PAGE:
U.S. Department of Labor Proposes New Rule Regarding Independent Contractors

October 25, 2022

By: Colin A. Walker

On October 13, 2022, the U.S. Department of Labor (DOL) proposed a new rule regarding independent contractors. The Proposed Rule supersedes the previous Rule issued in 2021. 

Independent contractor relationships have certain advantages for employers and workers. There are tax benefits for both because independent contractors are not subject to payroll taxes such as FICA. Workers can also obtain tax benefits by writing off expenses. An additional benefit for employers is that independent contractors need not be paid overtime and are not covered by minimum wage requirements. Independent contractors are also not subject to employment discrimination and harassment laws.

However, to classify a worker as an independent contractor, certain requirements must be met. State and federal laws include multi-factored analysis to determine whether a worker is an independent contractor or an employee. Numerous court opinions have interpreted these standards, sometimes inconsistently and/or in a confusing manner. To make matters more complicated, state and federal laws impose different standards.

In recent years, the state and federal departments of labor have been aggressively investigating and enforcing misclassification of employees as independent contractors, often conducting burdensome audits and imposing stiff penalties.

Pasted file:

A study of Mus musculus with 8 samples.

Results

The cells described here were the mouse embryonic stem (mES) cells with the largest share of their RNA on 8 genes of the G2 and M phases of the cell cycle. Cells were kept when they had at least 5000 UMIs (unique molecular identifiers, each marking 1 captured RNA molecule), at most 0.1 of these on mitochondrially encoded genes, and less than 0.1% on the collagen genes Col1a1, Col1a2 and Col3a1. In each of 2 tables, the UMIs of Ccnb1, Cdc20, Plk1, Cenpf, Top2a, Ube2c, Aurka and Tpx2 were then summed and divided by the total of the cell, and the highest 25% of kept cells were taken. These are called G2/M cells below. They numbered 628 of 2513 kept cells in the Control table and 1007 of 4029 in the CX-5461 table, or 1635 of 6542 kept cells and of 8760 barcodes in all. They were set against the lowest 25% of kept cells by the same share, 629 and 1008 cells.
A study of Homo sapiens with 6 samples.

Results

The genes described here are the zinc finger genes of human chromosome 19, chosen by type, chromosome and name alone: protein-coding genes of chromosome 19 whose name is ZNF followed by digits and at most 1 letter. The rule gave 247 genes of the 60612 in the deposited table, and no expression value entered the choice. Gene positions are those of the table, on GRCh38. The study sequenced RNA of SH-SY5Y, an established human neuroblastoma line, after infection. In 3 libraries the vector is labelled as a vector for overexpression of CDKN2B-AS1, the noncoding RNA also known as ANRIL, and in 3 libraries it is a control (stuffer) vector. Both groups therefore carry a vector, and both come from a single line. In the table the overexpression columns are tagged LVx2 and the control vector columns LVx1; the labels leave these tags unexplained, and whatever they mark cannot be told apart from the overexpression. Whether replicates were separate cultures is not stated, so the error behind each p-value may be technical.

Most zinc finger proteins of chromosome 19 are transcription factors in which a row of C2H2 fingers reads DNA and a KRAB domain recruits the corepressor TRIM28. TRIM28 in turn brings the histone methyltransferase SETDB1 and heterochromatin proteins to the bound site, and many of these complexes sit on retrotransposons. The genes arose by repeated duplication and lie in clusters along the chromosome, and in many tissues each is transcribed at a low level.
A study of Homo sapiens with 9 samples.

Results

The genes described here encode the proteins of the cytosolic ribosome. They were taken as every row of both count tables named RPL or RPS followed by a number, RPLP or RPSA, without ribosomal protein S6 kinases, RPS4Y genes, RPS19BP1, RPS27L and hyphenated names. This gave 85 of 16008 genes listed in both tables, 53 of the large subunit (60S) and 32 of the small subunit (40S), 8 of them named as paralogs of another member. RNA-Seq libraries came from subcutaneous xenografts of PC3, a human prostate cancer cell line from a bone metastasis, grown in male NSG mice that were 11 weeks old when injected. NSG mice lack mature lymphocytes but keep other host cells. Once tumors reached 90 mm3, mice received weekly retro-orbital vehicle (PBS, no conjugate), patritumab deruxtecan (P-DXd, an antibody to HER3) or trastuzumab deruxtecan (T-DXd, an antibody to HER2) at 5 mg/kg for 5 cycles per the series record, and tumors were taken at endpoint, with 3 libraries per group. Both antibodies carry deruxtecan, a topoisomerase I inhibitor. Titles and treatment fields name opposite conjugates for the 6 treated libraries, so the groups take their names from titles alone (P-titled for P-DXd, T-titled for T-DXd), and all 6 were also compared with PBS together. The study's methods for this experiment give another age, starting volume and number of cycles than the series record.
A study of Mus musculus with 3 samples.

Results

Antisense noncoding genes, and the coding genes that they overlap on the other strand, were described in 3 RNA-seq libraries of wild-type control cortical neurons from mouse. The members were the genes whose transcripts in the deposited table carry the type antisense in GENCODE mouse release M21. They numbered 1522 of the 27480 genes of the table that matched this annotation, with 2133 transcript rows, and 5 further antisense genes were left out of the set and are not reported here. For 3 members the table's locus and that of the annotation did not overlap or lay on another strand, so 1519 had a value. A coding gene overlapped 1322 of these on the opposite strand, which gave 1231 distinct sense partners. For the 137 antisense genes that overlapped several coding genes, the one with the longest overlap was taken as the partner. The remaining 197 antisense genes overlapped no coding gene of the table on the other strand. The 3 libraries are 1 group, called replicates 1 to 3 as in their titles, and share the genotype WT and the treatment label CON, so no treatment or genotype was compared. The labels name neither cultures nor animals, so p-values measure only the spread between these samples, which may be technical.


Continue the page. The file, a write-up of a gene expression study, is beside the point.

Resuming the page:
The Proposed Rule adopts a totality of the circumstances, or “economic reality,” approach pursuant to which no factor carries more weight than any other. As the DOL explained in a press release, the Proposed Rule would “Revert to the longstanding interpretation of the economic reality factors,” which “include the investment, control and opportunity for profit or loss factors.” 

The factors set forth in the Proposed Rule are:

  1. Opportunity for profit or loss based on managerial skill;
  2. Investments by the worker and employer;
  3. Degree of permanence of the worker relationship;
  4. Nature and degree of control;
  5. The extent to which the work is an integral part of the employer’s business; and
  6. The amount of skill and initiative required for the work.

However, the Proposed Rule makes it clear that additional factors may be considered “if they are relevant to the ultimate question of whether the workers are economically dependent on the employer for work or in business for themselves.”  

Although the purpose of the proposed rule is to clarify and simply the standards which determine independent contractor status, it is far from certain that it will achieve those goals. As can be seen, the Proposed Rule adds new layers of complication to an already complicated issue.